Civil Aviation ministry pushes for major reforms
Manisha Singhal January 29, 2014Civil Aviation Minister Ajit Singh is pushing for three major policy changes before the Election Commission's model code of conduct is enforced in March.
"One such move is doing away with the 5/20 rule that makes it mandatory for domestic carriers to have flown continuously for at least five years in the country and have 20 aircraft in their fleet before they go international," said an aviation ministry official. The ministry has already sought the Union Cabinet approval. "It is not a controversial matter at all and the ministry is hopeful that it will be approved soon." The existing policy rule was seen to be favouring large established carriers and also stopped smaller players from expanding in the international market, reducing their competitiveness.
The new guidelines will allow Wadia Group promoted GoAir to launch international operations. The budget carrier has over eight per cent of the domestic market share and is keen to launch international flights. The changed rule will also benefit Tata-SIA joint venture that plans a mid-year launch and another Tata venture with Malaysian low cost AirAsia India.
The civil aviation ministry has also announced privatisation of six airports at Chennai, Lucknow, Jaipur, Ahmedabad and Guwahati. It will push for finalising the bidding process for at least two of the six airports - Lucknow and Chennai - before the code comes into effect. "The process for calling in for bids for all the six airports will take time but the ministry is keen to at least finalise the process for these two airports," said the ministry official. The process will need approval from some other ministries as well.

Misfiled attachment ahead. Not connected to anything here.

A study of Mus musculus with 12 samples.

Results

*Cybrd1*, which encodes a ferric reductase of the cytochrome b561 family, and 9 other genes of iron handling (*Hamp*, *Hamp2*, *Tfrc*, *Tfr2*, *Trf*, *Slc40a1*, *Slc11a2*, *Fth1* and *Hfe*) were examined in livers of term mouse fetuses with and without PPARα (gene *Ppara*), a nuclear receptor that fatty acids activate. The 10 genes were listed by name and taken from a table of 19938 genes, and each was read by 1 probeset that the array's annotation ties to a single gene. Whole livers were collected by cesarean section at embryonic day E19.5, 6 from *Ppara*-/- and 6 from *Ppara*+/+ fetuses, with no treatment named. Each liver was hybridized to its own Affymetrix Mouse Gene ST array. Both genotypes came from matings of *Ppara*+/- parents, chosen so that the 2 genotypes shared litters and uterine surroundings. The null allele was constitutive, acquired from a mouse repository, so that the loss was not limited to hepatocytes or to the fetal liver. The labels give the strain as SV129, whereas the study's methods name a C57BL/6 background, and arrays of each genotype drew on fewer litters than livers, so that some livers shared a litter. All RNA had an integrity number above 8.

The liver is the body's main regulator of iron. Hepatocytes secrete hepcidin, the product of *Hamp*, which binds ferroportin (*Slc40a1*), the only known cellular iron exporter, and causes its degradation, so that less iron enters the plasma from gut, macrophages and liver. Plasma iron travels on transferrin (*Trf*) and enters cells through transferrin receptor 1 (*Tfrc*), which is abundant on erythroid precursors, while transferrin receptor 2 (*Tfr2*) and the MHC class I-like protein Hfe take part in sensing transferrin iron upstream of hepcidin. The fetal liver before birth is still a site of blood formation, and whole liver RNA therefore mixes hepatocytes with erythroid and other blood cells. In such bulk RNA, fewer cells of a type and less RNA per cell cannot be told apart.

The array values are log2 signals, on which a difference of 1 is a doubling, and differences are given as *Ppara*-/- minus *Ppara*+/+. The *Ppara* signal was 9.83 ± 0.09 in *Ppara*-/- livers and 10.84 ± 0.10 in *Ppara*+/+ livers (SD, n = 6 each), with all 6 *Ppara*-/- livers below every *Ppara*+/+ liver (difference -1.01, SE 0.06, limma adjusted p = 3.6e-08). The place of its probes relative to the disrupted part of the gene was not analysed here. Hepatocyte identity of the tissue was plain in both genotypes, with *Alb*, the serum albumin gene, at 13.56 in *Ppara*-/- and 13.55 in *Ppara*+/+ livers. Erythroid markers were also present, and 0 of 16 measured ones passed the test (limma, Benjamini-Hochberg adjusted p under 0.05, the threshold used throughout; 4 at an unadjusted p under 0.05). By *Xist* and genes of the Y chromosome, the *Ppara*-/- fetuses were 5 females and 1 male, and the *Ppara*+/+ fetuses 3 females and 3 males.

Another top priority for the ministry is simplification of the route dispersal guidelines for all carriers. Currently all airlines operate on three categories of routes -- I, II and III -- and they are mandated to fly on all the three. The category I routes are the lucrative city hubs and categories II and III are the smaller towns and cities. The ministry is attempting to simplify these guidelines as carriers have always maintained that they do not allow healthy competition and also restrict entry of regional players who want to operate in these smaller regions but have to compete with the bigger airlines.
Singh has already initiated some major reforms. These include allowing foreign carriers to pick up 49 per cent equity stake in Indian airline companies and putting privatisation of airports on the fast track. But he has failed to meet the industry's long pending demand for rationalising taxes on air turbine fuel. It has led to the Indian airline companies posting repeated losses.